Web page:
Clear Airways: Quelling a protein stops mucus overload

Despite its lowly status, mucus plays a valuable role in the body. It provides a barrier against pathogens and lubricates tissues lining the air passages, gastrointestinal tract, and several other areas of the body. Too much mucus, however, can be annoying, unhealthy, and even deadly, as in chronic bronchitis, asthma, and cystic fibrosis.

By interfering with a protein that earlier research implicated in mucus secretion, scientists have countered overstimulation of mucus secretion in the airways of mice. The finding suggests that keeping this protein from its target might lead to a treatment for asthma in people, say the researchers in an upcoming issue of Nature Medicine.

Certain cells lining the lungs and other membrane-covered areas make and store mucus. These cells, called goblet cells, routinely release small amounts of the slippery substance. But the cells also secrete bursts of mucus in response to irritants. The mechanism behind the switch from healthy burst to aberrant secretion, as seen in people with asthma, remains unknown.

One protein that appears to be a factor in mucus secretion is myristoylated, alanine-rich C-kinase substrate, or MARCKS. In 2001, Kenneth B. Adler, a cell biologist at the College of Veterinary Medicine of North Carolina State University in Raleigh, and his colleagues suggested that MARCKS binds to tough sacs inside goblet cells and stimulates release of the mucus stored there. Adler’s team then synthesized a small protein called MANS peptide (for myristoylated N-terminal sequence), which mimics part of the MARCKS protein. The peptide thwarted mucus secretions from cultured human-airway cells in lab tests.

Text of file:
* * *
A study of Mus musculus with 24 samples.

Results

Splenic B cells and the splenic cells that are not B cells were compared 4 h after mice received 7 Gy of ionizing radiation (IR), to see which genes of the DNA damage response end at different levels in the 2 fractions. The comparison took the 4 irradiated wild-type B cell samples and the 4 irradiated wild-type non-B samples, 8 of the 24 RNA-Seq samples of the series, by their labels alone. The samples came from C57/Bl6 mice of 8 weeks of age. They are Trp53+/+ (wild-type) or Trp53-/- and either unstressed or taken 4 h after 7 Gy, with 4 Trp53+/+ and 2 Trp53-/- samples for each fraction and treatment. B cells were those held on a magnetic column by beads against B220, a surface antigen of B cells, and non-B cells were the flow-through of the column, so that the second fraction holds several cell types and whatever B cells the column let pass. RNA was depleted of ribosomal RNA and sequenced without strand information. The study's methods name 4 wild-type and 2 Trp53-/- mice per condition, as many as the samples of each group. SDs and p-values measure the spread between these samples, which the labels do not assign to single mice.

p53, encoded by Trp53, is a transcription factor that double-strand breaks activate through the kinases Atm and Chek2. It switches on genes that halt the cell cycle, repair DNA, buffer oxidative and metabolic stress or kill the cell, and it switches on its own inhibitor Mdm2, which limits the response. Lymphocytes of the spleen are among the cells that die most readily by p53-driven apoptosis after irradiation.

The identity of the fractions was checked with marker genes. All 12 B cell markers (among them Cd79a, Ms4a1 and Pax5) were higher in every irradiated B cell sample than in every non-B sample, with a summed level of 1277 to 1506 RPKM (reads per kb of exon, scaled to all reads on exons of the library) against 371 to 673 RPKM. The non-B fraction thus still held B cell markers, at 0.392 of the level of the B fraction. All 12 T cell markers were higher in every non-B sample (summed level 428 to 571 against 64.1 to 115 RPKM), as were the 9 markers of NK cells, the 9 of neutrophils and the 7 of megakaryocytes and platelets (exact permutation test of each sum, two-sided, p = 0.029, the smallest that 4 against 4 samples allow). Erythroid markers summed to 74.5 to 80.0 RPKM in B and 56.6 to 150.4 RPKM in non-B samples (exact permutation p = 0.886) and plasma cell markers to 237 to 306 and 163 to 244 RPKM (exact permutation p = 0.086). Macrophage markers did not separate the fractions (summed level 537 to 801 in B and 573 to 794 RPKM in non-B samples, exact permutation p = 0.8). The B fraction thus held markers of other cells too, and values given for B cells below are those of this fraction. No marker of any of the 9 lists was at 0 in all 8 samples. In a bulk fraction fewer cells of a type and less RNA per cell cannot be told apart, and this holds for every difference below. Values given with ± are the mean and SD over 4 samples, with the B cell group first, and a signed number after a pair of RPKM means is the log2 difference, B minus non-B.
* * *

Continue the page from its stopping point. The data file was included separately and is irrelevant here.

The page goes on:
The researchers now have further explored the role of MARCKS in an asthmatic reaction. First, they injected mice with albumin from egg whites to prime the animals for an allergic reaction to the substance. Two weeks later, the scientists exposed the animals’ airways to albumin and the mucus-stimulating drug methacholine. Then, they deposited MANS peptide in the throats of some mice, while control mice received an inert peptide.

In a series of tests, the researchers found that the control mice secreted as much as five times the amount of airway mucus as mice getting MANS peptide did. Adler says the study also suggests that MANS peptide binds to molecules on the surface of the mucus-filled sacs in goblet cells, preventing MARCKS from stimulating secretion of the mucus.

“This study is very intriguing,” says C. William Davis, a cell physiologist at the University of North Carolina School of Medicine at Chapel Hill. While MARCKS probably has a hand in regulating mucus secretion, he says, its role is “very complicated and not well understood.” Other compounds within a cell might also stimulate mucus release, he says. Davis worries that inhibitors of mucus secretion might block activity of beneficial proteins.